New Canaanites are calling for harder numbers and timetables behind projected cost-savings in natural gas conversion—for example, how much it will cost to convert a home of X square feet that lays Y feet from a main line, and exactly when service will come to each property—prior to committing to Yankee Gas to the degree that the utility needs in order to put a shovel in the ground here.
Yankee Gas said during a panel discussion at New Canaan Library Monday evening that it wants to have natural gas service available in New Canaan starting this fall. That service would start by following a roughly 5-mile main up from Stamford along Ponus Ridge, running the length of Frogtown Road, jogging down Weed, running from the top of Elm to South Avenue and then out to the high school. At first, the line would serve many New Canaan businesses in the heart of our downtown, as well as a lot of big town buildings near the route (Town Hall, Police Department, South, Saxe and the high school) and possibly the YMCA.
Yet even those buildings no longer carry enough of the natural gas load to reasonably offset, in the eyes of state regulators, the cost of doing the infrastructure work here, according to Paul Zohorsky, vice president of gas operations at Northeast Utilities (which owns Berlin, CT-based Yankee Gas).
Before the state will allow the utility to start work on a 5-mile main, it needs to reach a tipping point in contractual commitments from New Canaan—the municipality, businesses and residents (60 percent of the load)—so as to avoid raising rates for other subscribers in Connecticut, Zohorsky told 100 residents gathered in the Adrian Lamb Room of the library for the panel discussion.
The message back from New Canaan: We need more information prior to putting our names on those contracts.
“These are educated folks here in our town and they make educated economic decisions and really, I don’t think we’ve gotten enough out of Yankee Gas to have anyone confidently make that decision,” said First Selectman Rob Mallozzi, a panelist at the event, drawing some applause from the room. “It’s a big challenge for you folks [Yankee Gas]. You are hearing it loudly and clearly. If there’s going to be any success, the dialogue with me is going to be important. But most important is going to be the dialogue with these folks to get them the concrete numbers.”
The event, presented by the library and League of Women Voters of New Canaan, ran for nearly two hours (mostly Q&A) and was moderated by New Canaan resident Mark Robbins, a board member of the Connecticut Green Building Council and property assessed clean energy consultant. The third panelist was Kerry O’Neil, director of residential programs at the Clean Energy Finance and Investment Authority. Other speakers at the podium included Howard Freeman, successor to Dan Welch as chair of the New Canaan Utilities Commission, where New Canaan resident Scott LaShelle also sits as a resident expert in natural gas-related matters, and Tucker Murphy, executive director of the New Canaan Chamber of Commerce.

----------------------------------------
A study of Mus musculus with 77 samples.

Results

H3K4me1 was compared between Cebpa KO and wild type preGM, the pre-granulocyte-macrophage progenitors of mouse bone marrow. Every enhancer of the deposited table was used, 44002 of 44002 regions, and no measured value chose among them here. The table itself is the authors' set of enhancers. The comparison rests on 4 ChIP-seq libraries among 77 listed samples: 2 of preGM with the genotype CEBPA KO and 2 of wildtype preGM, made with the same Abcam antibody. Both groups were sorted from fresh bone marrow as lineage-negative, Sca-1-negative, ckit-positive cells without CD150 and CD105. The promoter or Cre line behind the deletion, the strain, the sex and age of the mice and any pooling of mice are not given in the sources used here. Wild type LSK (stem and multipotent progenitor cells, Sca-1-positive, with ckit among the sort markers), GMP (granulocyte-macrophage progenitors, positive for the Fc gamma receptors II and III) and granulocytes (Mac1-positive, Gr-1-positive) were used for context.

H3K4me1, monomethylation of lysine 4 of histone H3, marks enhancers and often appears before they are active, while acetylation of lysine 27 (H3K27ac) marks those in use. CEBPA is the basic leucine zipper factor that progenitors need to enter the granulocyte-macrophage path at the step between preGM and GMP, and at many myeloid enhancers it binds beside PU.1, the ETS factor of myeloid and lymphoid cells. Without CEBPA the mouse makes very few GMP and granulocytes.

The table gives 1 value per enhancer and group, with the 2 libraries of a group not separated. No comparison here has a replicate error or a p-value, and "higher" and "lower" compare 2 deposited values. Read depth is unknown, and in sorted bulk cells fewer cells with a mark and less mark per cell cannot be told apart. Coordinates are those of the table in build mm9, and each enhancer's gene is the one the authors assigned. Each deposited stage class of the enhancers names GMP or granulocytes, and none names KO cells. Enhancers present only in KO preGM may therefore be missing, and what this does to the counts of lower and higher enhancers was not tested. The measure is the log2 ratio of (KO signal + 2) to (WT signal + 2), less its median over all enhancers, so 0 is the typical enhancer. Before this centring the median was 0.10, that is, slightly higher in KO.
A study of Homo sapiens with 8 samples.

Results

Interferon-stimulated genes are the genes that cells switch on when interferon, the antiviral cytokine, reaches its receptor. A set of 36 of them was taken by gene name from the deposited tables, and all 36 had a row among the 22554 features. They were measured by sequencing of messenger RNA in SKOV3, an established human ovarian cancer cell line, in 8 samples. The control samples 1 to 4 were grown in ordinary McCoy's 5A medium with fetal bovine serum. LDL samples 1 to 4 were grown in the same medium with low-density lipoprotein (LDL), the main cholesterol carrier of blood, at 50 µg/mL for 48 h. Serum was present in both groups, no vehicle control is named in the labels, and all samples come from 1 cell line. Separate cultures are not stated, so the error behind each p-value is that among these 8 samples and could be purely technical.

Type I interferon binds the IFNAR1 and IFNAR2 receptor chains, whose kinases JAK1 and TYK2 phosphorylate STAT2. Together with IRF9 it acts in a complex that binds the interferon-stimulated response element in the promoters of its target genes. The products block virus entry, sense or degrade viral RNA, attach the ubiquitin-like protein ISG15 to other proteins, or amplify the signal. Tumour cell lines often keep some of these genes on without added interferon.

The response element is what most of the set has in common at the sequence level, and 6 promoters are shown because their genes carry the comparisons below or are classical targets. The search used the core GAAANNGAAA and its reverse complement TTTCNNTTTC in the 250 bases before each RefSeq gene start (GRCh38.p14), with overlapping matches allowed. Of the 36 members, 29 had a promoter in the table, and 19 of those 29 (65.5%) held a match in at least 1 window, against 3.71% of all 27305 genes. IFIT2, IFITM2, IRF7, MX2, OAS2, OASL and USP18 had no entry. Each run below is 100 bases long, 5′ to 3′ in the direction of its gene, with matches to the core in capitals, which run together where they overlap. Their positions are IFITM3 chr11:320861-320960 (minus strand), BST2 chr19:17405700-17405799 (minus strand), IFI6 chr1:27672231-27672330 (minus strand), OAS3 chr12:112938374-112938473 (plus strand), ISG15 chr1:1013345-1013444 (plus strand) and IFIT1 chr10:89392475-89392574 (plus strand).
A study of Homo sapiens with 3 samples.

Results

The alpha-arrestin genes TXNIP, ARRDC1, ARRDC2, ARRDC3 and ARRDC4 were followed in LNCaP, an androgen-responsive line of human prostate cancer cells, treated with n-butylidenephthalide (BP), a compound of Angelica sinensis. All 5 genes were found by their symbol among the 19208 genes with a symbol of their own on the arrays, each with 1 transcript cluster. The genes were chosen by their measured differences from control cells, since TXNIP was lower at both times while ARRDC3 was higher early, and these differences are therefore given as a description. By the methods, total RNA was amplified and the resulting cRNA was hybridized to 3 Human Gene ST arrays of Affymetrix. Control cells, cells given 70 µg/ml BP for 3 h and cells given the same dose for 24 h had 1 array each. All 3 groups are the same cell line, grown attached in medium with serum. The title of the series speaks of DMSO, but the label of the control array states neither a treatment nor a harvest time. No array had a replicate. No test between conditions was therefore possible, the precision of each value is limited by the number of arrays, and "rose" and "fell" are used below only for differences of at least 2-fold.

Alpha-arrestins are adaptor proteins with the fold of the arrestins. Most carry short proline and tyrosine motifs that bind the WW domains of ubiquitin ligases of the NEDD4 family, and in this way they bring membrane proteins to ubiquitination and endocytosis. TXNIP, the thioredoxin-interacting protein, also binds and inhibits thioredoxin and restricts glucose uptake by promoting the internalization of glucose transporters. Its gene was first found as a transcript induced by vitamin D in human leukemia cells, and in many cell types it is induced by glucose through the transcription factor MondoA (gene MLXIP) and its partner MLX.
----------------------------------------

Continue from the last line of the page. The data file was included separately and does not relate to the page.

Questions raised by attendees addressed the origins of the 60 percent stumbling block (Connecticut Public Utilities Regulatory Authority), how long it would take to lay the 5 miles of pipe (two to 2.5 months), details on how condominium associations would work and whether homeowners could keep their oil tanks (yes).
Murphy said she wanted clarity as to how Yankee Gas intended to improve communication with the chamber and business owners. The utility had generated wide interest in natural gas conversion in New Canaan heading into last fall, and then when new state regulations came down, grew slow to respond, or non-responsive, to requests from town and business leaders for status updates or information, officials say.
Zohorsky responded that for residents and businesspeople who sign up on a website dedicated to gauge interest from New Canaan residents and businesses (this isn’t signing a contract, it’s saying you’re interested, here: http://newcanaan.iwantnaturalgas.com/), Yankee Gas will provide monthly email updates and additionally will meet weekly with Mallozzi and attend more forums as needed.
“We’ve been, I will say honestly, a little slow in using that [website] in responding to people,” Zohorsky said. “Why? Because we had to get our arms around these new regulations. The new regulations came out in November, by the time we figured them out to see the implications, it took us a while.”
Murphy also noted that while many business owners in New Canaan are intrigued by the prospect of natural gas, the decision-makers in each case—the owners of the buildings themselves—often live out-of-state and must get information directly from Yankee Gas. One owner of commercial property downtown, Terry Spring, suggested that technicians from the utility meet with landlords and tenants both.
“There are many property owners who are not in New Canaan—who live in Florida, Bahamas, wherever—they are not available to their tenants and the tenants ask questions, and without answers it’s going nowhere, I can tell you that,” Spring said.
Mallozzi said he and other town officials could help connect the utility with those property owners.
During her presentation, O’Neill discussed financing options for home conversion to natural gas, including through a ‘SmartE Loan.’
Mallozzi closed the forum by thanking the library and League of Women Voters for its work in organizing the event.
“You have delivered, 100 percent,” Mallozzi said. “This turnout was wonderful. The questions were really good. This is exactly why we appreciate the League of Women Voters. You can do something that I can’t do as a politician, that my public works folks can’t do. So thank you, because we needed this conversation desperately and we got the ball rolling tonight.”